On July 25, Mechanicsville's Rosa Burney Park became the unlikely setting of a sprawling work of public art some three years in the making. Under a blazing sun and amid the pulse of blaring hip-hop, Neighborhood Planning Unit-V's Photovoice Project: Taking It to the Streets stood as the latest installment in an ongoing photography project documenting large swaths of the district, which comprises Mechanicsville, Pittsburgh, Adair Park, Summerhill and Peoplestown. Since 2007, residents have steadily documented the area’s blighted, abandoned properties in hopes of making visible a quality-of-life problem invisible even to many within the communities it affects. According to the Neighborhood Data Advisory Group, 42 percent of NPU-V's properties sit vacant. The event was both a celebration of the work as well as a call to arms to change the character of a neighborhood.
The Dirty Truth Campaign — a grassroots community organization devoted to improving the neighborhoods' physical conditions — has been developing Photovoice since the project's inception. The group distributed cameras in schools and to neighborhood groups and cultivated the results. Working with artist Lisa Tuttle, the event’s organizers lined Rosa Burney Park's tennis courts with dozens of large-scale photos snapped mostly by neighborhood middle and high school youths. The photos told the often tragic, always dispiriting stories of tires strewn across front lawns and burned-out shells of homes claimed by garbage and weedy overgrowth. Many are near Parks Middle School in Pittsburgh, where the photographers pass them daily on their way to and from school.
Each photo sits above a lengthy sort of caption in which the photographer has named himself or herself and written a rationale for the photo: why it matters, why community residents shouldn’t take these conditions as a given.
In Atlanta, the phrase "public art" all too often refers to some big, poorly sited chunk of bronze (or cinderblock) treated shabbily by its surrounding neighborhoods. But there's another kind of public art less concerned with objects and more with creating interactions between people. It’s this strand of social sculpture exemplified in ongoing projects such as Houston’s Project Row Houses that Taking It to the Streets taps into. Like the Houston project, Streets draws little distinction between art and community engagement. In both cases, the artistic is the political.
Campaign volunteer Ronnie Galvin stresses the importance of emphasizing both the action and the object. “The photography is one part of it, but the camera is the other part of it. What the camera does is it gives folks the chance to revision the community... . It gave folks a chance to say, ‘Oh yeah, we kind of forgot that was here. And you know what? We can’t tolerate that.’”
The Dirty Truth Campaign started in 2007 as an outgrowth of a partnership between the Annie E. Casey Foundation and Georgia State University's public health department under the auspices of project manager Unique Redwood. The Campaign’s Photovoice project got legs in large part because of a single photo by Mechanicsville resident Jamal Wolfe. Walking to the corner store for a soda, Wolfe noticed people smoking crack inside a boarded-up, run-down apartment building — an unavoidable obstacle between himself and the store. He called the photo “Crackhead Haven.” The document helped convince the campaign to focus on vacant properties as the connection between a number of the community’s ills.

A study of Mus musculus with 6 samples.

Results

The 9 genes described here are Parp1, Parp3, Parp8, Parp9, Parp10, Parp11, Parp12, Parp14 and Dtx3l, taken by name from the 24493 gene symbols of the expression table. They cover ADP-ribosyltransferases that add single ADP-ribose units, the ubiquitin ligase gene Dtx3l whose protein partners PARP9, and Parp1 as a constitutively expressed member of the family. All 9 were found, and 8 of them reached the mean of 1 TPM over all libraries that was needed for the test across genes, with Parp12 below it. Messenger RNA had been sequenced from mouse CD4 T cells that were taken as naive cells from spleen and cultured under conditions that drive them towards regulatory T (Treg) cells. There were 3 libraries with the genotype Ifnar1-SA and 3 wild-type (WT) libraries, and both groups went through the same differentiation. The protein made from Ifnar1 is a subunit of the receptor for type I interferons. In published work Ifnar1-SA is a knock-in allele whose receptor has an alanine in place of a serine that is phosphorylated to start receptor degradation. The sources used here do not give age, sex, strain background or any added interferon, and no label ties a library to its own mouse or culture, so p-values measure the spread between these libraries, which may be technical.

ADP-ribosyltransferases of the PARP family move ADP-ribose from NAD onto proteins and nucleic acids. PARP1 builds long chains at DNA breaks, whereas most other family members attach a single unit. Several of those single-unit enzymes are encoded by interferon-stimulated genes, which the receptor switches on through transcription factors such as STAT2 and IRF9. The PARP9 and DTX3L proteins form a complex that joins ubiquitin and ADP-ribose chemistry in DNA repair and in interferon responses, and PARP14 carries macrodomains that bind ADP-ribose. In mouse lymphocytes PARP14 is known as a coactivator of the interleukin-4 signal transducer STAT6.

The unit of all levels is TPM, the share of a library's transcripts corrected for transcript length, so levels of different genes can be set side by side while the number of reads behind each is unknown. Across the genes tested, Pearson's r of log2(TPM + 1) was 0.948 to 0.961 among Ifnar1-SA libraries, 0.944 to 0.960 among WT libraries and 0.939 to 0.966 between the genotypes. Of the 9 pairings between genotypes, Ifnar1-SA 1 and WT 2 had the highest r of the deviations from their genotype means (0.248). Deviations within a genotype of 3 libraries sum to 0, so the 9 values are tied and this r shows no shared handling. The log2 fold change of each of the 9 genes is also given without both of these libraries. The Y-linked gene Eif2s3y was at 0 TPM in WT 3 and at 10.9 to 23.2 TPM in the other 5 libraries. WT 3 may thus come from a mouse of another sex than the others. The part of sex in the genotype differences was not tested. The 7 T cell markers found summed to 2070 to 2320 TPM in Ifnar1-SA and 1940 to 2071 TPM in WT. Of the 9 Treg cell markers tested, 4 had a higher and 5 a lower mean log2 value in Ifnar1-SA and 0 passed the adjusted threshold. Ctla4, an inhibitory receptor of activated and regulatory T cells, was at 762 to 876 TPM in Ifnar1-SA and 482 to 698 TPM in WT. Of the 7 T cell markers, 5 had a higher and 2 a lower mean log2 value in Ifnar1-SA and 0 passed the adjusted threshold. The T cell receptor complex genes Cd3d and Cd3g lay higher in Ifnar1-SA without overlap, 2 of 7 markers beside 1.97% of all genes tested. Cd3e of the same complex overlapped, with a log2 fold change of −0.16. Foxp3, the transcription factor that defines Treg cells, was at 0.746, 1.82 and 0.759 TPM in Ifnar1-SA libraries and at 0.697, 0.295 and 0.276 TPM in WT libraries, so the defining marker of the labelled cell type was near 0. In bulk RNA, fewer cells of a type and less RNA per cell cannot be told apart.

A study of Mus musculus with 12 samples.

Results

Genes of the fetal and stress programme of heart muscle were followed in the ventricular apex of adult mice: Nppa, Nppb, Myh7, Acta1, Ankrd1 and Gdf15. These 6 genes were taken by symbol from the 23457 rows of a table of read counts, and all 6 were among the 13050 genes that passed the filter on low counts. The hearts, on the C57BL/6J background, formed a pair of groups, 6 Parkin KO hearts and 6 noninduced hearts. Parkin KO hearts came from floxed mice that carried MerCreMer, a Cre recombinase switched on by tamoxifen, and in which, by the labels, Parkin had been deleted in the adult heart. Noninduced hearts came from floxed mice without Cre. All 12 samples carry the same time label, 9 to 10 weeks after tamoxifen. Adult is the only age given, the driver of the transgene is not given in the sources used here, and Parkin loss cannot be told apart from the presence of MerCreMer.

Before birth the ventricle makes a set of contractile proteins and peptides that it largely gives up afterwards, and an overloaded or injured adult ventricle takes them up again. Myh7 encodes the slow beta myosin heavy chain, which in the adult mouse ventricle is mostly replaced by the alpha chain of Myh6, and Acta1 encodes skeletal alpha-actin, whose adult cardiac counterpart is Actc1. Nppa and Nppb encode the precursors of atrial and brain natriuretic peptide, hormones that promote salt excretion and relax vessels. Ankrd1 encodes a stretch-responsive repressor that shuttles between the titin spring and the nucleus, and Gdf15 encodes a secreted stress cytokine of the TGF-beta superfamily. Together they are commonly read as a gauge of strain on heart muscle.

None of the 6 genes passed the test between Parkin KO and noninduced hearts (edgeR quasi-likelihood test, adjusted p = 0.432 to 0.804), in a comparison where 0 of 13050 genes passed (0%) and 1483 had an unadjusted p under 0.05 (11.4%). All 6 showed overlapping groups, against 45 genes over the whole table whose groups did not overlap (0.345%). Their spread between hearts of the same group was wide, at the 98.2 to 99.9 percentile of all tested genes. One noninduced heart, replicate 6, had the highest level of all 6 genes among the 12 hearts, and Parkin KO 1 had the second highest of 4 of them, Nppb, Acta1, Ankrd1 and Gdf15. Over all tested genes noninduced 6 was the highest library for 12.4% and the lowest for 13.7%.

Rob Welsh, the campaign’s current board chair, saw empty homes as an obvious first line of attack. “This vacant property issue is an assault on the family,” said Welsh at the July event. “Memories are created [in homes]. Experiences are created there. You take that away and you have vacant properties that are being squatted by prostitutes, folks with addictive diseases, disabilities or mental health issues. That’s a very serious problem and it tears the community down. It’s tearing our city apart.”
No one knows that better than Chandra Gallashaw of Pittsburgh. Gallashaw’s daughter was raped on the porch of an abandoned house shortly after the two moved to the neighborhood from Covington. She was in high school at the time. Gallashaw became an activist for the abatement of distressed properties the next day and is now a volunteer with the Dirty Truth Campaign.
The Photovoice Project makes the problem of vacant properties visible through photography. By extension, poverty and criminally unequal economic development throughout the city come to light.
If the Photovoice project lives up to its potential, it will not only serve as a way for the community to see and understand itself, it will also catalyze a range of discussions beyond NPU-V's borders. Semira Ajani, a volunteer initially working through the Annie E. Casey Foundation, echoes this sentiment. “What I admire most about this process is that residents have the courage to show these things as issues in their communities. They’re actually able to name these challenges. We who don’t live inside the community, we drive by every day and we’re like, ‘What are these people doing over here?’ But they look at these [abandoned houses] and say, ‘This is not what I want for my community. These are not the things that I would do to my community.’”
The coupling of the artistic and the political will become even tighter in a symposium the Dirty Truth Campaign will mount in October. The symposium is designed to serve as a forum for project participants and other community members to voice their concerns to elected officials. The photos will again be on display, and organizers hope that they will jumpstart dialog in ways that words alone have previously failed.